Welcome Valley Bible Studies

Lesson 53

John 13:1-17

[1] Now before the feast of the passover, when Jesus knew that his hour was come that he should depart out of this world unto the Father, having loved his own which were in the world, he loved them unto the end. [2] And supper being ended, the devil having now put into the heart of Judas Iscariot, Simon's son, to betray him; [3] Jesus knowing that the Father had given all things into his hands, and that he was come from God, and went to God; [4] He riseth from supper, and laid aside his garments; and took a towel, and girded himself. [5] After that he poureth water into a bason, and began to wash the disciples' feet, and to wipe them with the towel wherewith he was girded. [6] Then cometh he to Simon Peter: and Peter saith unto him, Lord, dost thou wash my feet? [7] Jesus answered and said unto him, What I do thou knowest not now; but thou shalt know hereafter. [8] Peter saith unto him, Thou shalt never wash my feet. Jesus answered him, If I wash thee not, thou hast no part with me. [9] Simon Peter saith unto him, Lord, not my feet only, but also my hands and my head. [10] Jesus saith to him, He that is washed needeth not save to wash his feet, but is clean every whit: and ye are clean, but not all. [11] For he knew who should betray him; therefore said he, Ye are not all clean. [12] So after he had washed their feet, and had taken his garments, and was set down again, he said unto them, Know ye what I have done to you? [13] Ye call me Master and Lord: and ye say well; for so I am. [14] If I then, your Lord and Master, have washed your feet; ye also ought to wash one another's feet. [15] For I have given you an example, that ye should do as I have done to you. [16] Verily, verily, I say unto you, The servant is not greater than his lord; neither he that is sent greater than he that sent him. [17] If ye know these things, happy are ye if ye do them.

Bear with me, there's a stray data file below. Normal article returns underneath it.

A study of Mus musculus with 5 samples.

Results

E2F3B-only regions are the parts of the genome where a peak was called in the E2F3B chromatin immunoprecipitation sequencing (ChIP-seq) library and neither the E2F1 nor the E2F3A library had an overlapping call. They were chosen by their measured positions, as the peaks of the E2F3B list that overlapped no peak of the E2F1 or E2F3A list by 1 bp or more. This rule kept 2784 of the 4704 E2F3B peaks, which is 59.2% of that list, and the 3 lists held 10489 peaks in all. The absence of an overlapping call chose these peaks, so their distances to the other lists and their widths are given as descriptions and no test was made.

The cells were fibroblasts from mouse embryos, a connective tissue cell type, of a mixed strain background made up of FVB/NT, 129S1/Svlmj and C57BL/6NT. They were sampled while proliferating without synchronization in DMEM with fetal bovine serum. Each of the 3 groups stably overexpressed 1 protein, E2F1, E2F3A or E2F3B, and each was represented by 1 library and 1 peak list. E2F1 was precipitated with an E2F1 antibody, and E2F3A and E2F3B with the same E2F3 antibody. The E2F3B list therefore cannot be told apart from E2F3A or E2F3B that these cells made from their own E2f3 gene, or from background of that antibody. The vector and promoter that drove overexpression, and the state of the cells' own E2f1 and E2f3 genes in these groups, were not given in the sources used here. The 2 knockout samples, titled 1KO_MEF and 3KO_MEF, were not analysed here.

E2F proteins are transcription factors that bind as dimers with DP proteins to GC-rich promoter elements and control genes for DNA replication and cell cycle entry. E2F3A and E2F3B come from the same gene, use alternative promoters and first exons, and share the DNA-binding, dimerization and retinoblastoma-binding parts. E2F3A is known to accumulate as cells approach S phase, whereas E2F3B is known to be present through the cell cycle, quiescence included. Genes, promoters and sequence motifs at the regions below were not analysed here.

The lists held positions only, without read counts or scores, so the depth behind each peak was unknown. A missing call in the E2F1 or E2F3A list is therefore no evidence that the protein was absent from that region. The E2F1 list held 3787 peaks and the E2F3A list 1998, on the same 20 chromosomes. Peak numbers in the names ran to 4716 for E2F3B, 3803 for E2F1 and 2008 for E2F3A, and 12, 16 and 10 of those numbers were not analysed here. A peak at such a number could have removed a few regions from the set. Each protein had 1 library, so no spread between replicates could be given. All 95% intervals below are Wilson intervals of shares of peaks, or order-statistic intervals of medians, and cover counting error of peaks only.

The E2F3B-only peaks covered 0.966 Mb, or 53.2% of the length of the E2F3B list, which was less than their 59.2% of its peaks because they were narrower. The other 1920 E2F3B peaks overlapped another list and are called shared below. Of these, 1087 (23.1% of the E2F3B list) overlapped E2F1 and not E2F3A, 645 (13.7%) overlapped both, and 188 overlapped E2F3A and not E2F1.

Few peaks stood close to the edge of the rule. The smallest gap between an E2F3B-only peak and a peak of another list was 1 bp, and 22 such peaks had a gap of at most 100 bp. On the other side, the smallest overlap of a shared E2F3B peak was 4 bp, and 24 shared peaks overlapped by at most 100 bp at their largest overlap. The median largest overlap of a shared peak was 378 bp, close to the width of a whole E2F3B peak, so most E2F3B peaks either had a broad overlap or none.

Background Information

Jesus’ actions in this text would seem unusual to us today; however, in Bible times, hosts washed their guests' feet. It was a common way of showing hospitality. While it is believed that this job was done by servants, Scripture suggests that the host or hostess might sometimes wash a guest's feet personally. But even if the job was done by someone who wasn’t a servant, the lord would expect his servants to do it for him rather than the other way around. Likewise, a teacher would expect his students to do this menial service for him, not the other way around.

Master” in verses 13 and 14 means “Schoolmaster” or “teacher.” It translates the Greek word didaskalos, or teacher.

Some Christians believe that Jesus established foot washing as a ritual to be carried out in the church. Others believe that Jesus used foot washing to teach humble service to others rather than to establish a ritual. Whatever one’s convictions in this regard, we should be willing to serve each other in humble ways.

Related Scriptures
Matthew 20:25-28
Mark 9:31-35
Luke 7:44-47 (includes several examples of ancient hospitality customs)
Galatians 5:13-14
1 Timothy 5:10 (an example of washing feet as an act of hospitality)
1 John 1:7-9
1 John 2:1-2
Revelation 1:5

1. What was about to happen to Jesus that would lead to His leaving this world?
2. Who objected to having his feet washed by Jesus?
3. Look at John 13:8-10. Jesus is obviously thinking in spiritual terms and not simply of clean feet. a. In what way do we all need to be washed by Jesus? (See Revelation 1:5 if you are unsure.) b. Is the person who has been washed by Jesus' blood dirty (sinful) in God’s sight? c. What might be the spiritual significance of having Jesus wash one’s feet after He had already cleansed that person from sin?
4. How were Jesus’ actions different than those of most leaders and teachers?
5. What is Jesus trying to teach us about a. feelings of superiority? b. our attitudes toward others?
6. a. Has Jesus cleansed your life from sin? b. If He has, do you confess the sins that come into your life (that soil your feet as it were) to Him for cleansing as well?